Letting go of children’s masterpieces and embracing imperfect parenting By Monica Sakala
Just what are you supposed to do with all your kid's art?
Comments () | Published March 22, 2011
Baby-care classes for expectant moms and dads cover lots of territory. I recall sitting through them, hoping that even with eight months of pregnancy girth, I was blending into the wall as the nurse reprimanded other parents for strangling their baby to death when learning how to put on the onesie. Since that time, I’ve achieved something close to parenting peace, an acceptance that we just have to do our best. Some days our kids are well-dressed, clean-faced, and well-behaved, and we are showered, stylish, and chic. Other days I’m harried, my outfit is embarrassing, my kids have dried snot on their faces, and that kid you heard screaming in the public library? She was mine.

But that class—and even the subsequent years of experience—failed to prepare me for a huge parenting hurdle: kid’s art. Initially, my reactions to my daughter’s pre-school masterpieces were sweet. “Oh, look at the variety of colors she picks! Look at her lines and shapes! She must be a genius! She’s just two and she made this!” And I’d hang it up on a wall or fridge. Her art is beautiful, it’s wonderful, and most of all, it’s plentiful. I want her to be expressive, to play with colors and textures and design. Really, I do. But what the hell am I supposed to do with it? How do we organize it?

On mommy blogs everywhere, people talk about the mothers who photograph all the child’s art and then present the child with a digital album of the year’s worth of art. It’s brilliant. It’s organized. It ain’t gonna happen chez-moi.

But seeing and touching the art means saving the art, which means storing the art. Who has a big enough house? Big enough closets? Enough spare storage?

Right now I have a three-pronged approach. Some art is in cheap ($2) frames purchased from Ikea. I pick our display pieces based on originality, emotion, texture, and brilliance—or they happen to be the right size for the frame. Sure, if it has hand prints and a Mother’s Day poem, you know it’s going in a frame. Beyond that, it’s random selection. For the odd-size pieces, of which there are many, I purchased a bin from Land of Nod like this one. It fits perfectly in my closet. But now it’s overflowing. This other one from Ikea also seems promising. My final approach is to put the art away with holiday decor: Halloween and fall art goes away with Halloween decorations, Christmas with Christmas decorations, etc.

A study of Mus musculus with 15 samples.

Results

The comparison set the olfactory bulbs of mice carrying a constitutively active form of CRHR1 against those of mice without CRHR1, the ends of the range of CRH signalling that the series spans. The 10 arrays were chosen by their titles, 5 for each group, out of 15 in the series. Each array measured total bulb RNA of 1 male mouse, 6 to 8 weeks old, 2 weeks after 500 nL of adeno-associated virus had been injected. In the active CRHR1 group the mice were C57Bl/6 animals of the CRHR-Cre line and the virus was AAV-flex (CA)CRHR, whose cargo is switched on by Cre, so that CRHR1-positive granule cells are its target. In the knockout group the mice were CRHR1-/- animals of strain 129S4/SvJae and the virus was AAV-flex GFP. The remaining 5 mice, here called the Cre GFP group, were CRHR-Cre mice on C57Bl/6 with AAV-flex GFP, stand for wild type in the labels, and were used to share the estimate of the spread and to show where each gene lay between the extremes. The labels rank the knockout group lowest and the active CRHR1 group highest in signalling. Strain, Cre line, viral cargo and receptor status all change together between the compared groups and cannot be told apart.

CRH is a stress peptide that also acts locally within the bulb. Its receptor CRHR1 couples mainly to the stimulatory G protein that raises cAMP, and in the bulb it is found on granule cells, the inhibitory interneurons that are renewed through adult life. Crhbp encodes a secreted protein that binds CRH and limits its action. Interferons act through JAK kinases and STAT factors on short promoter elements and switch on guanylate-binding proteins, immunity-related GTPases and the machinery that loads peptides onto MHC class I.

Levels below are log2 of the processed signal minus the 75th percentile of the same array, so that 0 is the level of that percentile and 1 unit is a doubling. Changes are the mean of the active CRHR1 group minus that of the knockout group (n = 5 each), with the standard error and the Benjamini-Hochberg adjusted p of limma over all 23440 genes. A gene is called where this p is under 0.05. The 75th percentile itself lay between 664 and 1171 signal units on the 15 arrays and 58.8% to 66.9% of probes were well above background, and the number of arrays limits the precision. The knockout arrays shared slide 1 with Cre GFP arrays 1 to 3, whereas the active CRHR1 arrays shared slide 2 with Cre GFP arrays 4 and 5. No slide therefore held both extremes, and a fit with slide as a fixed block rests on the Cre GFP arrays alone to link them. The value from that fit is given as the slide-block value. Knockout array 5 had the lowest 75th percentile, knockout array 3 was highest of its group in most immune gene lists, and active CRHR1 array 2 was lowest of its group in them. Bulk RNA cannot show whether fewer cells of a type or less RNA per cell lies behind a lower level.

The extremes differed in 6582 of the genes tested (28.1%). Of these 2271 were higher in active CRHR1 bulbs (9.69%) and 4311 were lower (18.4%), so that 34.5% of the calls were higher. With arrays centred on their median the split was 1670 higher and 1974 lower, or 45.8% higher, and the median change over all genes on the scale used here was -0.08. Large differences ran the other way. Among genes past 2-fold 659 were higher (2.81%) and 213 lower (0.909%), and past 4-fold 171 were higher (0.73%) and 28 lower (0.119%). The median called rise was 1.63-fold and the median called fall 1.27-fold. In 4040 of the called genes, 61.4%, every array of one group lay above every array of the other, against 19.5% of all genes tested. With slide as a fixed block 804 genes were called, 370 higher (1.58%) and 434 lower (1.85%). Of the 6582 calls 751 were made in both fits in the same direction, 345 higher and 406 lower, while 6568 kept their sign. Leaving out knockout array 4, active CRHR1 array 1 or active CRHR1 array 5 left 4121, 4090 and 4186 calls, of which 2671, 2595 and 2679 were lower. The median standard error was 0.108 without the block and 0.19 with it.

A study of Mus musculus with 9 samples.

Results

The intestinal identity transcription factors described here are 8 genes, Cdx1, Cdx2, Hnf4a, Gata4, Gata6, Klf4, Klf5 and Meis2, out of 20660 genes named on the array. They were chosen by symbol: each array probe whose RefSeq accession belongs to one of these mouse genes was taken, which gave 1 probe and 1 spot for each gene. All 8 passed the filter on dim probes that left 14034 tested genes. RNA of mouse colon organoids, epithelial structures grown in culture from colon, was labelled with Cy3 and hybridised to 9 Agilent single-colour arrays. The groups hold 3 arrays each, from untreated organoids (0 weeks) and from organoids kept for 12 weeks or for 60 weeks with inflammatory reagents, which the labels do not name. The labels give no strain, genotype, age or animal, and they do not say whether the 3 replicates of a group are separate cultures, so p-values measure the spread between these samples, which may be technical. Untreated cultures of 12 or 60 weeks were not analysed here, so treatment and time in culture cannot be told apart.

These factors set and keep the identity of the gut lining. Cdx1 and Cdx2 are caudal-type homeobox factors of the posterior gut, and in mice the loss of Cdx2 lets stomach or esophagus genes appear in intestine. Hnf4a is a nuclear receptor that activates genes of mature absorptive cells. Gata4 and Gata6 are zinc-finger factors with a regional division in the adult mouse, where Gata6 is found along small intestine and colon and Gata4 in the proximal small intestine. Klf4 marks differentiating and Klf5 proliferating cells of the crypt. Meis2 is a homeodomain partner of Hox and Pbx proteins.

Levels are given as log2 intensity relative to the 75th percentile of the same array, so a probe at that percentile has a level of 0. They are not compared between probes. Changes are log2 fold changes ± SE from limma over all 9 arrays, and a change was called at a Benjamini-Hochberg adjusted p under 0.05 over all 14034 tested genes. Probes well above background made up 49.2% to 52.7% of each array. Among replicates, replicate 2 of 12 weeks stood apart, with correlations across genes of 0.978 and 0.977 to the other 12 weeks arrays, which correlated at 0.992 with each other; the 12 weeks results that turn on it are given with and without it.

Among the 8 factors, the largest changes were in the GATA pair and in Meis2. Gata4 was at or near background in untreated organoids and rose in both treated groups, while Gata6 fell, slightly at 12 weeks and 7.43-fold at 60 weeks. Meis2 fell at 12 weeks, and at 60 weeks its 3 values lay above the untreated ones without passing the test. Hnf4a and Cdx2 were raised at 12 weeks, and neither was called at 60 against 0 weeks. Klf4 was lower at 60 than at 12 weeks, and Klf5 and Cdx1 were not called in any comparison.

Then there’s the rest of the art, which I discreetly put in the trash. For my daughter, each piece is brilliant, worthy of praise, and meant to be saved for all of eternity. If it’s spotted in the trash, she’ll immediately remove it and interrogate me like a Russian prison guard during the revolution. All that’s missing is the bright light shining on my face after days in solitary confinement.

So after a few years of struggling through how to save art, I went to the resident expert: my mother, who raised four children and moved every three years for my father’s job in the Foreign Service from Herndon to London to Jakarta to Brussels to Vancouver. You’d think my mother would have a brilliant solution, right? Wrong. Maybe all the moving made her a hoarder, because she didn’t have a home, but she had our stuff. Or maybe she’s just as emotionally attached to all the hand prints and odd-shaped faces three-year-olds make as the rest of us are. All those finger prints moved thousands of miles around the world every three years for 35 years.

My dad walked into the room and I asked him what he would have done with it, if given the choice. “Toss it,” he said, without a lick of emotion, as he walked on by. Genius! And guilt-free.

In the end, do any of us really look back on our own original art from kindergarten? Do you? I don't. Let me know what you think in the comments.